Professional Practice Framework

The Professional Practice Framework integrates medical expertise and professional skills, recognising that physicians will be experts in their field of practice and use a range of professional skills in order to work in partnership with patients, families, or carers. 

The Framework defines the ten domains of professional practice for all physicians and forms the basis of the RACP curriculum model

Communication Quality and safety Teaching and learning Research Cultural competence Ethics and professional behaviour Judgement and decision making Leadership, management, and teamwork Health policy, systems, and advocacy To serve the health of patients, carers, communities, and populations.

Professional Standards

For each domain of the Framework, a Professional Standard describes expectations for all graduates of RACP training programs. The Framework and Standards have been designed for application across the RACP's training and Continuing Professional Development programs.

Explore the Professional Standards (PDF 1.3MB)


Notes:
1. Adapted from Richardson D, Oswald A, Chan M-K, Lang ES, Harvey BJ. Scholar. In: Frank JR, Snell L, Sherbino J, editors. The Draft CanMEDS 2015 Physician Competency Framework – Series IV. Ottawa: The Royal College of Physicians and Surgeons of Canada; 2015 March.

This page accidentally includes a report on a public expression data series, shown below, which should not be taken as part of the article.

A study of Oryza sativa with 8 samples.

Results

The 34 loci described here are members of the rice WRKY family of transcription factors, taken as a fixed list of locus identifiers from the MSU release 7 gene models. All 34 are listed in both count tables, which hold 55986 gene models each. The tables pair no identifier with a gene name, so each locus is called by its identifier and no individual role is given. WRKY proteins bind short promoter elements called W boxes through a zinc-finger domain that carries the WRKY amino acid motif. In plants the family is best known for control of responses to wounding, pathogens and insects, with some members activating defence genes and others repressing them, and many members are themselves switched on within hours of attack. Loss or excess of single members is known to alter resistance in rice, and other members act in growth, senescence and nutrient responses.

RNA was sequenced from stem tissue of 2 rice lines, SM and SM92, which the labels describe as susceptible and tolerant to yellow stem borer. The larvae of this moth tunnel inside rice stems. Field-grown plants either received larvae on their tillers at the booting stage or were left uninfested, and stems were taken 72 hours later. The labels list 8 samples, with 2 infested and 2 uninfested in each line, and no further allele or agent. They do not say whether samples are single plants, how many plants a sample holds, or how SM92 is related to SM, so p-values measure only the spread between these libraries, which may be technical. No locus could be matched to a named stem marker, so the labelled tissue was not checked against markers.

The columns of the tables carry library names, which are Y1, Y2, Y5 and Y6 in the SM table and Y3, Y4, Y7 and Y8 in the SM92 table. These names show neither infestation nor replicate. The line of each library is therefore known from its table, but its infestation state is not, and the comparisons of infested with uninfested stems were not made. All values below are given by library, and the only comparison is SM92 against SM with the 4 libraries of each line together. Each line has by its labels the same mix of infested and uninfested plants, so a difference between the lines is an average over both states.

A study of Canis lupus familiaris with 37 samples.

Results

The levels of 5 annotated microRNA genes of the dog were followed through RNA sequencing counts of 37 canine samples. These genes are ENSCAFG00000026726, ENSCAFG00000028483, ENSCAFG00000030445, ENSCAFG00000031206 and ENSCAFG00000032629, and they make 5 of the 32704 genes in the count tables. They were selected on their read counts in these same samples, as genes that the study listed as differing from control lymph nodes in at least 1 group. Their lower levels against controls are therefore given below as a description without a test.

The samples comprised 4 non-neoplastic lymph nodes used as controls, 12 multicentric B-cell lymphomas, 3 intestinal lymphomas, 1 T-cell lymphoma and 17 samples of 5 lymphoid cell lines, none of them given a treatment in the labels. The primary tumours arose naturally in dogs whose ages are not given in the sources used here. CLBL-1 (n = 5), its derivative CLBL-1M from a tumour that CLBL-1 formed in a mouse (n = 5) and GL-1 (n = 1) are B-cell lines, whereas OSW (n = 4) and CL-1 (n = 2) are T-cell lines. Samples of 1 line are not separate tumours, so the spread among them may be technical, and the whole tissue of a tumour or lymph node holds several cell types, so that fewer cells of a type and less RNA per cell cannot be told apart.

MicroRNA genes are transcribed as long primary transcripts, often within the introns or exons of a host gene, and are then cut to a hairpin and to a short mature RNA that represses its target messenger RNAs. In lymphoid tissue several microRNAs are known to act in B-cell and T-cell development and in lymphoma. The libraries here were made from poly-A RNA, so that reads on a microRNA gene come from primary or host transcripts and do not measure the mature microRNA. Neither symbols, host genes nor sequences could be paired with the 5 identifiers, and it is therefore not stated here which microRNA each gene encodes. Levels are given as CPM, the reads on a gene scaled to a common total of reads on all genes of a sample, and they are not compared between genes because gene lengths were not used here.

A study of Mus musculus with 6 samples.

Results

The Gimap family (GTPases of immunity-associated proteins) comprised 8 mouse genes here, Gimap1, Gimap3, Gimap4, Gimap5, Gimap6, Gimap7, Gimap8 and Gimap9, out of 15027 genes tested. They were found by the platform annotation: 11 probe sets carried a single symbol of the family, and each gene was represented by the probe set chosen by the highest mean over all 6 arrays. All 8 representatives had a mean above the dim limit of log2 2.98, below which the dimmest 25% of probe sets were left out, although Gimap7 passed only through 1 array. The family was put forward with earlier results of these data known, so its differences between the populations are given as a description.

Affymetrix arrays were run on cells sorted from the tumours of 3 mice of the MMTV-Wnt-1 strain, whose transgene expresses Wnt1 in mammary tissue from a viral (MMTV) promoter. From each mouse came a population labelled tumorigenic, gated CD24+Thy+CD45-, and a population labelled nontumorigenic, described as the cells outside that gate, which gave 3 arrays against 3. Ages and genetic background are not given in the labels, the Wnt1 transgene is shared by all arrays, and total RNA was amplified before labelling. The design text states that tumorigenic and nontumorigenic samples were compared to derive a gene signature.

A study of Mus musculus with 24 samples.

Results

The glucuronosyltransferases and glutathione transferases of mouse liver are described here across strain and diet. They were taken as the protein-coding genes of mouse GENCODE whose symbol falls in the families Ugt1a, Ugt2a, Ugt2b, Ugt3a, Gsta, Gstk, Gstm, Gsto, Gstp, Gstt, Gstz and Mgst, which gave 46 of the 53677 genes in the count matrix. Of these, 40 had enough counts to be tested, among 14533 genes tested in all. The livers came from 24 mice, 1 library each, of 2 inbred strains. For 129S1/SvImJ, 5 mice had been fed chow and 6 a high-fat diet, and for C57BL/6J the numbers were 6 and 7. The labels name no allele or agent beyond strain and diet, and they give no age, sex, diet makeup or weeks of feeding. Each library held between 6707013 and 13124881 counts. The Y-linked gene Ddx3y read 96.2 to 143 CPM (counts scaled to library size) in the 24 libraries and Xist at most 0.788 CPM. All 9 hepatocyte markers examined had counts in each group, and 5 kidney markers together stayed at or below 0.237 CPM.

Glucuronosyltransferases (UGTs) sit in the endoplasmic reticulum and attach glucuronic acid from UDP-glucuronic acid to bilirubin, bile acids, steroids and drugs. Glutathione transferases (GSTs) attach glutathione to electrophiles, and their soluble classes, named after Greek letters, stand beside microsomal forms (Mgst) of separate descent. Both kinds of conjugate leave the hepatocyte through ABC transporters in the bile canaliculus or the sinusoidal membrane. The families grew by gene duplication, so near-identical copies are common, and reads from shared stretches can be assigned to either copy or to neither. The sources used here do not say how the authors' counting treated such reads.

2. Definition of cultural competence
The RACP has adopted the Medical Council of New Zealand’s definition of cultural competence (below), which has been revised to span both Australia and New Zealand. This definition has been endorsed by the RACP’s Aboriginal and Torres Strait Islander Health Advisory Committee.

“Cultural competence requires an awareness of cultural diversity and the ability to function effectively, and respectfully, when working with and treating people of different cultural backgrounds. Cultural competence means a doctor has the attitudes, skills and knowledge needed to achieve this. A culturally competent doctor will acknowledge:

– that Australia and New Zealand have culturally diverse populations
– that a doctor’s culture and belief systems influence his or her interactions with patients and accepts this may impact on the doctor-patient relationship

– that a positive patient outcome is achieved when a doctor and patient have mutual respect and understanding."